As we’ve discussed in the past on this blog, there are a number of ways in which the US solar market is changing- declining panel prices, volatile state SREC markets, and innovative incentive programs are just a few examples. However, a recent announcement from REFU Solar Electronics, or REFUsol, a German manufacturer that specializes in solar inverter technology, underlines what could be the next major shift in the US solar industry.
Upon receiving approval from Underwriters Laboratories, a public safety non-profit organization whose certification is globally respected, REFUsol has indicated their plans to aggressively expand into the US solar market. With plans to establish a presence in the Bay Area, Los Angeles, Colorado, Chicago, Dallas, New Jersey, and South Carolina, REFUsol cited the growing demand for solar in the US as the impetus for their new strategy.
Just as Chinese panel production has made solar more affordable in the US, so too can increased competition in inverter technology from reputable firms like REFUsol. Though they are not debated as hotly as panel manufacturing or rebate programs, inverters can have a huge impact on the long-term economics of installing a solar energy system, due to its role in determining a system’s productivity and lifespan. First, the efficiency of the inverters measures how much direct current electricity (DC) created by the panels is converted into alternating current (AC), the latter of which is sent to electricity consumption devices. The average efficiency of an inverter is about 94% (REFUsol has inverters with peak efficiencies of 97-98%).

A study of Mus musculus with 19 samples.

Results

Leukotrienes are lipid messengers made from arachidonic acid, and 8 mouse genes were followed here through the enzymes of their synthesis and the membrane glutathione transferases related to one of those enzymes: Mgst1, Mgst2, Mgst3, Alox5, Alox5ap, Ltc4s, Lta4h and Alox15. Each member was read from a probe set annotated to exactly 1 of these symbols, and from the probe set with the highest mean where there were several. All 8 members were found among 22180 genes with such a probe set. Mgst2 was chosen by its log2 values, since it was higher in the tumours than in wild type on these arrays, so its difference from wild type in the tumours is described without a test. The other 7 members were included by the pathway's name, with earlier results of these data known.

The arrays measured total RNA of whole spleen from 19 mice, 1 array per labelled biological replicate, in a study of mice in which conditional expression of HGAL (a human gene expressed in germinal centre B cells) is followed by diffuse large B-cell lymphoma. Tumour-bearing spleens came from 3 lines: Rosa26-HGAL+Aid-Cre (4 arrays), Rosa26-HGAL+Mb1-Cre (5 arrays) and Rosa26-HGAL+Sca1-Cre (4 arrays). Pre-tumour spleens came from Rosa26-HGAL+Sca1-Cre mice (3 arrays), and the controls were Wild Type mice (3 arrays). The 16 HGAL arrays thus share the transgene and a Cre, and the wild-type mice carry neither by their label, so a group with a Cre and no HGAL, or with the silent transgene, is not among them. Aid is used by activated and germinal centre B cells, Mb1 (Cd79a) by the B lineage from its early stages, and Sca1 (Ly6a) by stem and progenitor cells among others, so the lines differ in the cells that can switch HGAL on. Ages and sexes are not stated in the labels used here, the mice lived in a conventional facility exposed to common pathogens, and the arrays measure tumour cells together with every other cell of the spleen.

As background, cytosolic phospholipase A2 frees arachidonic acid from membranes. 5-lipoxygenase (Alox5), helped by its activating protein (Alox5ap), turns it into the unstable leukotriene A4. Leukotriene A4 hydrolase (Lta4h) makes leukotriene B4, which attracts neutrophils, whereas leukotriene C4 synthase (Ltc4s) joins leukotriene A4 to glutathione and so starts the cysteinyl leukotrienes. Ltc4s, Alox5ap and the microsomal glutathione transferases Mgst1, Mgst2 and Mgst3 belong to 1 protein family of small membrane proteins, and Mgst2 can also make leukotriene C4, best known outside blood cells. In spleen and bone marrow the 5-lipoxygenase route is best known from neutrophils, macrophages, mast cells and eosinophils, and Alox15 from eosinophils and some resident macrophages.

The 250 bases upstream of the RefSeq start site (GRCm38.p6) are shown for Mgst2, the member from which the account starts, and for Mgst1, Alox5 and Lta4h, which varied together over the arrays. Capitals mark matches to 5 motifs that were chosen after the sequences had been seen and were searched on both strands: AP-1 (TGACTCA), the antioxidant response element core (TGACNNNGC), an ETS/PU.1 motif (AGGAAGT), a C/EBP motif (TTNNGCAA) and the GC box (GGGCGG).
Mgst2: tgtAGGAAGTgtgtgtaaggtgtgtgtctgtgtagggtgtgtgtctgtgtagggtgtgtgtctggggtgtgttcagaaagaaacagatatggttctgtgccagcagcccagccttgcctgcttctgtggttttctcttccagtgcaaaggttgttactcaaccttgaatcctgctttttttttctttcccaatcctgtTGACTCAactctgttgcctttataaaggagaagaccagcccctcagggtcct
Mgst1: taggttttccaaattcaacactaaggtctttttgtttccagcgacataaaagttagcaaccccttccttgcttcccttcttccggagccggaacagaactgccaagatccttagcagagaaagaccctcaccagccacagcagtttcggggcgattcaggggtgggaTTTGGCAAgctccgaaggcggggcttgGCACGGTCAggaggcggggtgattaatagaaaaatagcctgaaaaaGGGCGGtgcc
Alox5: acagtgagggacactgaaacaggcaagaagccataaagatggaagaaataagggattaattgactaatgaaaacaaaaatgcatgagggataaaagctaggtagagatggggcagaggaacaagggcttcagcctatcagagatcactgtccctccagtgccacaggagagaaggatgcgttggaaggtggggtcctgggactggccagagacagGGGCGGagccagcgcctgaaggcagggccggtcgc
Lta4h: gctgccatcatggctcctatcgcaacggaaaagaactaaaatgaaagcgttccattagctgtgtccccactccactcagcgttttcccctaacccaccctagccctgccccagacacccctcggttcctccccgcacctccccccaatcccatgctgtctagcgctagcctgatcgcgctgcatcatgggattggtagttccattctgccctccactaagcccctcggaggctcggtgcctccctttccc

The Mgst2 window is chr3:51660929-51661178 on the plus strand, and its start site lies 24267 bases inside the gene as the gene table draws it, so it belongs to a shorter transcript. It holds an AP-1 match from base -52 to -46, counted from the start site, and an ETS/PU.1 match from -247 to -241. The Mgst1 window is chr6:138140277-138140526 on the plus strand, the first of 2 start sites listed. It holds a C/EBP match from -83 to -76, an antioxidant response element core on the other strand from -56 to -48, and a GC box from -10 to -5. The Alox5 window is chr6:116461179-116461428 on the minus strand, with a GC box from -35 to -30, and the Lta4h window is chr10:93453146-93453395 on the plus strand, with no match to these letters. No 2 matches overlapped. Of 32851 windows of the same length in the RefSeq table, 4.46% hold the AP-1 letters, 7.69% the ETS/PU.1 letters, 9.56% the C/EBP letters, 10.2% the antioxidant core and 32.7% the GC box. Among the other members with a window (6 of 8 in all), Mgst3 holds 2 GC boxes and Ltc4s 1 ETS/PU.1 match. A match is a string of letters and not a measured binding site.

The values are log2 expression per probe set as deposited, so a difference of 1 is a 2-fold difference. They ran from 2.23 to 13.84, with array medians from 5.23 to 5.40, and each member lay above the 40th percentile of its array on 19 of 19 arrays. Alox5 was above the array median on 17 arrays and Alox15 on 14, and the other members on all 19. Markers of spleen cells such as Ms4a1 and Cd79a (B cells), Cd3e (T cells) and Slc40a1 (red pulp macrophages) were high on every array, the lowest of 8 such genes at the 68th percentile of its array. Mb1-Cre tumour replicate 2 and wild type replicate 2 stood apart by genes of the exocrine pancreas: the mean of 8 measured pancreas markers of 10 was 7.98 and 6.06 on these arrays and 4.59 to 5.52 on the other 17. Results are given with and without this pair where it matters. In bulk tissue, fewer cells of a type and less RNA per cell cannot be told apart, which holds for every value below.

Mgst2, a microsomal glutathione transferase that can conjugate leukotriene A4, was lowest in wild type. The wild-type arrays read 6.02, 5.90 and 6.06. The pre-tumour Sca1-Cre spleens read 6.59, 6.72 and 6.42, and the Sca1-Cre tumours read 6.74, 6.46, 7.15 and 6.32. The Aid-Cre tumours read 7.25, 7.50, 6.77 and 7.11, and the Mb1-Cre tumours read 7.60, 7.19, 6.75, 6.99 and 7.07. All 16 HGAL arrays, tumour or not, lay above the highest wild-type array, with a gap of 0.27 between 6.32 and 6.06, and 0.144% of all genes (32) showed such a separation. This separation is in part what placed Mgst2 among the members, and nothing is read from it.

Second, the type of inverter is equally important. Micro-inverters are increasing in popularity as opposed to central and string inverters. The main difference is that micro-inverters line up (usually) one-to-one with individual panels, rather than having all the panels in the system route through one inverter. This has a couple advantages. If a system is partially in the shade, or has a defective panel, the overall production will not be hindered as greatly (or entirely, in the case of string inverters). More importantly, the lower producing panel can be identified more easily. Another advantage to micro-inverter technology is that they allow for the possibility of expanding a solar energy system without significantly re-wiring the electrical circuits. Micro-inverters are an attractive option for residential solar because individual panel productivity is crucial to the affordability of the system; the marginal affect of one failing panel is much greater, so identifying and mitigating those defects is of utmost importance.
We’ll keep an eye out for significant updates and market developments in the world of solar inverters- stay tuned!